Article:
I want to apply for scholarships as much as possible, but I'm slightly confused by how this works. I've read some stuff online, but I'd want to do a sanity check here at Stack Exchange to make sure I've got it right.

  • First of all, is it normal for US Graduate Schools to pay the complete tuition fee for PhD students? The Harvard website says: "Economic students receive full tuition and stipend support while they are enrolled and making satisfactory progress toward the Ph.D. degree." I almost can't believe this, since the US has a reputation here in Europe to have very high tuition fees. Do I understand correctly from this statement that Harvard Economics PhD students don't have to pay any kind of fee to the university for the full 5 years, or am I missing something?

  • If the above is true, does it even make sense (and is it acceptable/normal) to still apply for extra-university-scholarships for those universities?

  • Third question: Since I'm applying to roughly 10 universities (in 3 countries), I don't know yet where I will be studying. Is it advisable (and acceptable/normal) to already apply for as many scholarships as possible, even though I don't even know yet where I'll be studying?

  • Is it true that the optimal strategy for obtaining a scholarship is to go through websites like scholarships.com, internationalscholarships.com, and apply for all scholarships for which you are eligible? Or would I be missing something?


I am a graduate student of economics in continental Europe, so I do not have a first-hand experience about the US or the UK. However, my general impression about the field is that those very high tuition fees are more relevant in undergraduate degrees and professional non-PhD degrees (such as MBA, terminal applied MSc, etc.) and not much about the PhD path.

I do not know for sure about the Harvard PhD funding policy, but your interpretation is certainly plausible. The general expectation among the PhD students is to receive some funding, and actually having to pay tuition to the school (in addition to not getting any living subsidies) seems unusual (and inadvisable).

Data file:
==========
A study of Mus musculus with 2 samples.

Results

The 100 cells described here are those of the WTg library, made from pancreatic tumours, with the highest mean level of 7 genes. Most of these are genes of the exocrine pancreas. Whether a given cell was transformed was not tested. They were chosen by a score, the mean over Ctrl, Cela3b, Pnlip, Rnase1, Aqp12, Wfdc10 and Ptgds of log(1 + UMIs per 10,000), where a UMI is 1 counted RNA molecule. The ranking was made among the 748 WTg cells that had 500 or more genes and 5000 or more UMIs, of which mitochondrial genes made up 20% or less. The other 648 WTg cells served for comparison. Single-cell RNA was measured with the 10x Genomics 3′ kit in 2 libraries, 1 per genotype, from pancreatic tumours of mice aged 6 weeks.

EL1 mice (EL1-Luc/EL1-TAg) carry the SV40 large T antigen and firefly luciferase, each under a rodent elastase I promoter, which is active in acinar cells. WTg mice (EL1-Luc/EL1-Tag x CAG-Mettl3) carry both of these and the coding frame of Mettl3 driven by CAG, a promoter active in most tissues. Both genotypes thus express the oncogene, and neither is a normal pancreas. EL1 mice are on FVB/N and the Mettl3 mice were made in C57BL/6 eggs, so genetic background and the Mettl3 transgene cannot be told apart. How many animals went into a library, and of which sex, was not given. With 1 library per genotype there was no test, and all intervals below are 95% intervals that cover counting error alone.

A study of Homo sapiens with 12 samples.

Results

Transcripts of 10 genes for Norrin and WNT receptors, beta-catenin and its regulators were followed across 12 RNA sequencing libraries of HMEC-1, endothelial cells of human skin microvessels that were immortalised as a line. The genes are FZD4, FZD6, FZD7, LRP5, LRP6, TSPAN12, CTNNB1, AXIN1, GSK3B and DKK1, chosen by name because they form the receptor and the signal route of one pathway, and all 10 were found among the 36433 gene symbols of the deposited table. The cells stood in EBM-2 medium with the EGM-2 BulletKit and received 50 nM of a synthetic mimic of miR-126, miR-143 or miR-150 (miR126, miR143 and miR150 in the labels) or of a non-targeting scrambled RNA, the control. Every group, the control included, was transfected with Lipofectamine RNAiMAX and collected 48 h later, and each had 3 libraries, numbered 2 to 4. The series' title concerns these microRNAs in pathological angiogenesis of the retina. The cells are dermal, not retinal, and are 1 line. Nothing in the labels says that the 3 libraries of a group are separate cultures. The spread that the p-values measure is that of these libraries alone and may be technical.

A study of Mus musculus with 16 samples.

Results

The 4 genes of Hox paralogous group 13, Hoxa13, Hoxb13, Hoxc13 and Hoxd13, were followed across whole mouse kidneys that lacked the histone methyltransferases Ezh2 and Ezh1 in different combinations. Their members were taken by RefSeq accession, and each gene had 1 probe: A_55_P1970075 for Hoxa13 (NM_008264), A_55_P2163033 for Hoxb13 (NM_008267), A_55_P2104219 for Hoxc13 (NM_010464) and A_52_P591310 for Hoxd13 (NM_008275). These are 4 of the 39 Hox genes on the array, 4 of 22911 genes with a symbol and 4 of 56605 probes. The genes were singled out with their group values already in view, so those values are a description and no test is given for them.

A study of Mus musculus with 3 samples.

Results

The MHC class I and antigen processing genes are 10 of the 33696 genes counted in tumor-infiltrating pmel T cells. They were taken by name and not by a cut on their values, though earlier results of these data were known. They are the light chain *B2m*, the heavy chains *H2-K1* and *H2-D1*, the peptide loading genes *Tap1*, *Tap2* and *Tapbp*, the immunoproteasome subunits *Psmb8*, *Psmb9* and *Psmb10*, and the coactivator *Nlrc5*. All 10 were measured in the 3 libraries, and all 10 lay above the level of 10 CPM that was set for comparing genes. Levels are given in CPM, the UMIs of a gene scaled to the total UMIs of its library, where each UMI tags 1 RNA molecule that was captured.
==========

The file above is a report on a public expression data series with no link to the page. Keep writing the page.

The passage below from the econphd.net guide supports my impression that actually paying tuition should be more of the exception than the norm for PhD students.

Economics departments give considerably lower fellowships than business schools or science departments. Worse yet, some people will be admitted without fellowships and a few end up paying tuition. But it is commonly understood (although the department may not be willing to explicitly guarantee it) that all students who stay on beyond the first one or two years are funded in some manner. Often teaching assistantships are part of it, but many programs also reward academic success with scholarship money.

Generally, the best and most competitive programs offer the most generous funding – MIT, Princeton, Harvard, Stanford, and Yale admits can expect to get a package of, perhaps, between $ 16,000 and $ 20,000 per year (with tuition waiver).

That said, I believe there are also externally funded PhD students (who receive funding from governments, other research institutes, grants, etc.) Having your own funding may help in the admission, but I do not know the process or how normal it is.


Yes. Most PhD students in the US are funded by a combination TA (i.e., in exchange for teaching responsibilities) and RA (i.e., out of Professors' research budgets). This will cover tuition, health insurance, and a stipend for living expenses.

the US has a reputation here in Europe to have very high tuition fees.

It's true, but most students do not pay the full price out of pocket. It's an accounting trick.

If the above is true, does it even make sense (and is it acceptable/normal) to still apply for extra-university-scholarships for those universities?

Yes. A scholarship is another line on your CV. It also means you can avoid teaching (which can be good, but takes time away from research) and you aren't dependent on your advisor's funding situation -- sometimes professors run out of funding and their students have to teach. The flipside is that, since you aren't dependent on your advisor's funding, it may be easier to find an advisor since you come for "free". Depending on timing, it can help with admissions to say "hey, I'm a free student".

Since I'm applying to roughly 10 universities (in 3 countries), I don't know yet where I will be studying. Is it advisable (and acceptable/normal) to already apply for as many scholarships as possible, even though I don't even know yet where I'll be studying?

Yes. It's completely standard for students to be applying to lots of places and to lots of scholarships. Universities expect and understand that.

Is it true that the optimal strategy for obtaining a scholarship is to go through websites like scholarships.com, internationalscholarships.com, and apply for all scholarships for which you are eligible? Or would I be missing something?

I'm not sure what the optimal strategy is. However, you should definitely look in as many places as possible. In particular, you should look at the each program you are applying to. There may be university- or program- specific scholarships that are not widely advertised.